Tuesday, 17 February 2009

Feet and Balance

Lovely reader Ceej has just bought the dress above in black. It's only £17.13, but she's a habitual jeans wearer, and is a little stumped by her stumps.

Question - shoes. I've high round-toed black courts, or same with 3 mary-jane straps but both make my calves look huge and feet look teeny - big calves make even size 7's look little! Any ideas for trampy shoes that don't make me look like an upside-down triangle? Boots look weird. The thick calves don't really lend themselves to ankle straps, and as it's a posh-ish do, I want to wear stockings. Thinking dark black legs, and heels but the shoes I have make my size 7 feet look small and by legs look big (whereas they're both big, in truth!). I could wear lighter shoes, but then I'd have to wear lighter legs.

Ahh, I do sympathise, having even bigger, shorter calves and considerably smaller feet myself, I am aware of my silhouette below the waist looking like this: W. It's not an easy one to solve. Not least, you have the basic problems to contend with relating to heel height. The higher your heel, the smaller your feet look, and so are less able to balance out the size of your calf. However it's just as true that the higher your heel, the thinner your calf looks... Lose:lose. In some circumstances you can add balance to the feet by choosing quite a chunky high heel, but that isn't appropriate here. One option is to go for a platform shoe, such as these patent shoes from Faith (£49). Taste may vary regarding these: they're quite Minnie Mouse, but I love their curvy-chunky shape. The high gloss finish will also help to make the feet look wider, and the heel is chunky while still being feminine. It's a really good idea that larger-built women choose slightly thicker heels to balance out their rear view.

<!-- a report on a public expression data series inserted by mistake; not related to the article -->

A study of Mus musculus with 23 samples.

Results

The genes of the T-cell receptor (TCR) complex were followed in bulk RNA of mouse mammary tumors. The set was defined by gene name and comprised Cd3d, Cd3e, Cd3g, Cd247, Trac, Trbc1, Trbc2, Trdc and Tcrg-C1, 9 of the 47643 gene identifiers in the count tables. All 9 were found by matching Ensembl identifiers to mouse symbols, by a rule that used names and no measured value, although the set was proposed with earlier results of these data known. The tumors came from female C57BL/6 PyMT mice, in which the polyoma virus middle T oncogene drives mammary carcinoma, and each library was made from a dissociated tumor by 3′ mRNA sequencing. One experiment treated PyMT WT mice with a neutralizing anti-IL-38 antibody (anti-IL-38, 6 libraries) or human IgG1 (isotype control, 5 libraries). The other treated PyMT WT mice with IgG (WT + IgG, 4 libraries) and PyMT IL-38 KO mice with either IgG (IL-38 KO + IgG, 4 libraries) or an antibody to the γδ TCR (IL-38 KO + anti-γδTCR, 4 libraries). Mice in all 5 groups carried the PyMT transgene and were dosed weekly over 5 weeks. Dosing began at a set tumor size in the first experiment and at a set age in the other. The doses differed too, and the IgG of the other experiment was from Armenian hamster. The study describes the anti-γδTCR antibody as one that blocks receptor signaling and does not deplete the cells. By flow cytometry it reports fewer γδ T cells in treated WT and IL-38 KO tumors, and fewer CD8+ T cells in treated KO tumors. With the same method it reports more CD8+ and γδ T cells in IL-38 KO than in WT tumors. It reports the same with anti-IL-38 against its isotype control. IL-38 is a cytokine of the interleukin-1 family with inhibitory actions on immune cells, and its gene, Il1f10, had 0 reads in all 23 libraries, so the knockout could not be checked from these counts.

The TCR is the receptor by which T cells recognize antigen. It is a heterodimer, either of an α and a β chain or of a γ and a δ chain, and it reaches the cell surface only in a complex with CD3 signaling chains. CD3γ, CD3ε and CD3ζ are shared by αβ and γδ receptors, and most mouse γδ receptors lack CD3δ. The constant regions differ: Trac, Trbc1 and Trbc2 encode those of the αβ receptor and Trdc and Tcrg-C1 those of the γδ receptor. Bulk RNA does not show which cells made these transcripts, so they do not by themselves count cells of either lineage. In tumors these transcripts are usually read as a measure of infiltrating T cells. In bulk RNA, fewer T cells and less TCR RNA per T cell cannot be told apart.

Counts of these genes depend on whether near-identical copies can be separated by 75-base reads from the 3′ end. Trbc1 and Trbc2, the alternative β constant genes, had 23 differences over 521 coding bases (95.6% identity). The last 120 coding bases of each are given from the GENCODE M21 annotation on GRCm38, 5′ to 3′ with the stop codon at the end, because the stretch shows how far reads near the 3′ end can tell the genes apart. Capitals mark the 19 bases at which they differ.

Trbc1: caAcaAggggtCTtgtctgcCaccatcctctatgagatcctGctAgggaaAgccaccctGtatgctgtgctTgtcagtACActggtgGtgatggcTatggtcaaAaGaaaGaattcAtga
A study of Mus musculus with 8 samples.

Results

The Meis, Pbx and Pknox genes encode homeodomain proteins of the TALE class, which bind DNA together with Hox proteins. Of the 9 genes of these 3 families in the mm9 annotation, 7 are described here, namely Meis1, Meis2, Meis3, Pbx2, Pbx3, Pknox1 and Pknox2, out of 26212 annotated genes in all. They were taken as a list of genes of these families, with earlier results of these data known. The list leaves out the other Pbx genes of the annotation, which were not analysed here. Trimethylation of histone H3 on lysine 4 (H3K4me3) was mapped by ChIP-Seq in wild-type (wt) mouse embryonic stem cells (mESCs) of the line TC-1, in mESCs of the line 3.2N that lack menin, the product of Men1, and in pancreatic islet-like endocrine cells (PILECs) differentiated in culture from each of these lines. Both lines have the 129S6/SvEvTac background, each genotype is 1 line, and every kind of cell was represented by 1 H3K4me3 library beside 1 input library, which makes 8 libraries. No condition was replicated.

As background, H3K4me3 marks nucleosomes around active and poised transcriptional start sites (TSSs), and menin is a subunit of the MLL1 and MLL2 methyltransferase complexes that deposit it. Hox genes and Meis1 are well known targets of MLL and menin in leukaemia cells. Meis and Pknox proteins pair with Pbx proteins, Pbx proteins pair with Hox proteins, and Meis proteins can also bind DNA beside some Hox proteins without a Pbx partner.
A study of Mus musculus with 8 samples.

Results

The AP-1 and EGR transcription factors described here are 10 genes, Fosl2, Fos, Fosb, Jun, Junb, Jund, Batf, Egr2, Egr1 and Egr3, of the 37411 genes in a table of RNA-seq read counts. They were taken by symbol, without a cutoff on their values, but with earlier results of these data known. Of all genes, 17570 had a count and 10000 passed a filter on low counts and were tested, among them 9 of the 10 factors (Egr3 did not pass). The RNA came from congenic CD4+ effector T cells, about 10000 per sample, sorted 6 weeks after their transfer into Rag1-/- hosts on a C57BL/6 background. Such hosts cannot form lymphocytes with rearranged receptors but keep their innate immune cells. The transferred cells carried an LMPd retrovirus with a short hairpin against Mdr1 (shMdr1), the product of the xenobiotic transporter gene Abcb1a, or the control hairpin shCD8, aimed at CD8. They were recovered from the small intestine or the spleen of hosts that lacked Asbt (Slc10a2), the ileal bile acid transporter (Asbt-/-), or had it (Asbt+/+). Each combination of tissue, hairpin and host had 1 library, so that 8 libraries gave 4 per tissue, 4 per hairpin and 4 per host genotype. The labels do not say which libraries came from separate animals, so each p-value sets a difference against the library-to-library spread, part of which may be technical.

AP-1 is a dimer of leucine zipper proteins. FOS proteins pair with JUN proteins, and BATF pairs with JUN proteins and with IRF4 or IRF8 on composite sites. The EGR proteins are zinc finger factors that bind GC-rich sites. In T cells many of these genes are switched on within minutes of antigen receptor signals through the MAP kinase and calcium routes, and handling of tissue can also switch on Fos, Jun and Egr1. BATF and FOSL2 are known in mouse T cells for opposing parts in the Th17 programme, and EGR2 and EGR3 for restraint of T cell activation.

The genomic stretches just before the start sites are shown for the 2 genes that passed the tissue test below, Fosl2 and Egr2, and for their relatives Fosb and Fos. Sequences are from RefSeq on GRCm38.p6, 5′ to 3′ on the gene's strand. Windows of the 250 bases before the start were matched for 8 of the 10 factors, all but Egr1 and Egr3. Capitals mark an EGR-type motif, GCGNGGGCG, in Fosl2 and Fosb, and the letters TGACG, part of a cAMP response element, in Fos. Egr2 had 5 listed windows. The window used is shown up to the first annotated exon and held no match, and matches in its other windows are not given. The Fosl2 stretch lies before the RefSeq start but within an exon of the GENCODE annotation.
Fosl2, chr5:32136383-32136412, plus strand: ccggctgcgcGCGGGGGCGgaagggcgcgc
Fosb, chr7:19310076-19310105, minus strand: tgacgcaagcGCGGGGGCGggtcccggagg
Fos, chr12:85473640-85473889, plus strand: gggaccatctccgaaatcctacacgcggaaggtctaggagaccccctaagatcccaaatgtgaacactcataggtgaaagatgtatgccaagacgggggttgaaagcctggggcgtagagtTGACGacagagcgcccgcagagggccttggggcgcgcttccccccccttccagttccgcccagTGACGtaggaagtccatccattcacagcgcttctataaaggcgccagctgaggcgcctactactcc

Ceej is right about mary janes and ankle straps. Any horizontal line will shorten and widen the leg, visually - moreso the higher up the foot it comes. A mary jane strap (or three) - that is a strap across the foot, dolly-style - will also widen and shorten the foot. Now widening isn't a problem, but we don't want shortening. Consequently any detailing on the shoe needs to be as close to the toe as possible, in order that it doesn't interfere with the uninterrupted clean, black leg-line. Detail, though, can add to the visual impact of the feet, and help with that desirable visual balancing. The first pair are £22 from New Look. Again with a concealed platform, the bow adds interest, although the cork effect heel might be a little casual. Not casual at all is the other pair. They're from Schuh and cost £43.87. The knot detailing over the toe adds focus, as does the peep toe (sheer tights with peeptoes? I say 'yes') but most glorious is the subtle shimmer effect. These shoes are less obviously bulky, and so perhaps an 'easier' choice - but their 'balancing out' qualities will be more subtle, too.